Lincoln-Way District 210 residents raise concerns about budget, Wyllie, the future

The Lincoln-Way High School District 210 Board discussed budgetary matters affecting the district's future.
The Lincoln-Way High School District 210 Board discussed budgetary matters affecting the district's future.

NEW LENOX – Community members at Thursday’s Lincoln-Way High School District 210 Board meeting made one thing very clear to the board: They are watching.

A full audience attended the district meeting, many speaking out with frustrations about the budget and the actions of former Superintendent Lawrence Wyllie, who is alleged by federal prosecutors to have misappropriated school funds for his own benefit and concealed the true financial condition of the district.

Karen Town, a former board candidate who was part of the five-member Citizens For 210 slate that lost in the April election, was one of a few who spoke during open session about holding Superintendent Scott Tingley and board more responsible for their duties as representatives of the community moving forward.

“The superintendent works for you, not the other way around. So please, always remember to hold him accountable. I think we’ve all seen what can happen when that doesn’t occur,” Town said.

The board passed the 2018 budget and a property tax abatement on Surface Shield, which plans to move into the Will County area with a promise of jobs.

“At this point, we’ve decided to move ahead with the budget as presented, given the cash restraints the district still does have, so we haven’t made any changes to that budget at this time,” said Bradley Cauffman, assistant superintendent of business. “Absolute worse-case scenario, we’d receive $28,000 more than what’s in the budget now.”

The board set the budget not knowing what state funding will be, but Cauffman estimated that it can be anywhere from a minimum of $28,000 more than last year’s to a maximum total of about $3 million because of back payments that are owed and a new formula the state uses to calculate district needs.

District officials said in a news release that the fiscal 2018 budget will have revenues of about $104 million and expenses of about $101 million. They anticipate a surplus of all district funds of $2.3 million and an operating fund surplus of $3.3 million.

"The budgeted surplus does not include additional anticipated proceeds of $4.6 million from land sales," district officials said.

The board approved Surface Shield’s request for a four-year, 50 percent tax abatement, according to documents submitted to the board. The relocation from Orland Park is expected to bring 55 existing jobs, and over the first 36 months of operation, can increase employment by 35 more jobs.

“They're an Orland business who wants to come to Tinley Park to get a tax break. It’s logical from a business standpoint, but in a sense, it affects the residents, too, of course,” said Steve Cook, a resident of the district.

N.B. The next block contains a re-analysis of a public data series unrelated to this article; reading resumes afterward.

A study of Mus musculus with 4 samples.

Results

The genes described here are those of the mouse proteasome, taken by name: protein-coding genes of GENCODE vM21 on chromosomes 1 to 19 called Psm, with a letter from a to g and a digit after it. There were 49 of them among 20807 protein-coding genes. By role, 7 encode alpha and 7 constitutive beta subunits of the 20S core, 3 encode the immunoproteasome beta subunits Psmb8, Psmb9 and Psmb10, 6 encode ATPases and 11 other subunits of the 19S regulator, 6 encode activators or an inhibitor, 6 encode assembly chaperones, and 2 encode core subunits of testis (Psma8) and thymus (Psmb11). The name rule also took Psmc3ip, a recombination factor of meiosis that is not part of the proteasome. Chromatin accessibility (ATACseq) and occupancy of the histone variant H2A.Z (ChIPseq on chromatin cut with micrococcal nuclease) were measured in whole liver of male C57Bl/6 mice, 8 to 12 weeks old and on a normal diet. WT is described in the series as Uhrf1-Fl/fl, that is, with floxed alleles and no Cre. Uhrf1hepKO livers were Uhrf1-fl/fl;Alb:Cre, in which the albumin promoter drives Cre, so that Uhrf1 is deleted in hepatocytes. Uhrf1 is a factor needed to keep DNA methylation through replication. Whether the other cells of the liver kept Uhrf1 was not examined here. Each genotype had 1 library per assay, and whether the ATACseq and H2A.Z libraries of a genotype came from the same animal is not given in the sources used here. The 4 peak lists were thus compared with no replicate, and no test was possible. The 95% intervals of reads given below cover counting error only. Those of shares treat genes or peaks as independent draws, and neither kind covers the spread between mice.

The vote on the decision was 6-1. Board member Christopher Lucchetti was the lone vote against it, and he spoke out during the discussion about his concerns.

“I think it’s hard for us, at this point, with negative cash balances to move right in to being an economic development. How we have to provide for growth is to make sure the schools are in the best shape and they’re attracting people into the area,” Lucchetti said.

According to Illinois State Board of Education documents, District 210 ranks 850 out of 852 districts, earning a place on the watch list, which means the ISBE will be monitoring its finances closely.

“They’re spending more then they’re taking in. Now, they’re trying to control it. They’re making efforts to slow that process down, and that’s why they went from $28 million in [tax anticipation warrants] to $27 million in [tax anticipation warrants]. They’re still borrowing, and trying to control it and rein in back in,” Cook said.

Over the years, district officials have been using tax anticipation warrants, or short-term debt, to finance district operations.

“It makes us feel angry. They need to stay in their budget,” said Laurie Cook, a parent of three district students.

The absence of board member Christine Glatz, who has served on the board since 1993, was noticed by attendees, and pointed out by a concerned parent, Jay Curatolo, during public comment. Curatolo also held the board members accountable as a whole for active participation.

“I seem to recall a campaign promise from a few of the candidates sitting at this table during the past election of Lincoln-Way. As Wyllie faces a federal judge, I’m wondering if this is the type of reputation you had in mind,” Curatolo said. “For over two decades, the man who built the Lincoln-Way empire was a god, all the while no one was watching. No one was holding him accountable.”

Town also has two children who went to District 210 high schools.

“The board should question if this is best for the community. I came out tonight because I want to remind the board to ask is this for the student or taxpayer first?” Town said after the meeting.

The board did not comment on Wyllie's upcoming federal indictment during the course of the meeting.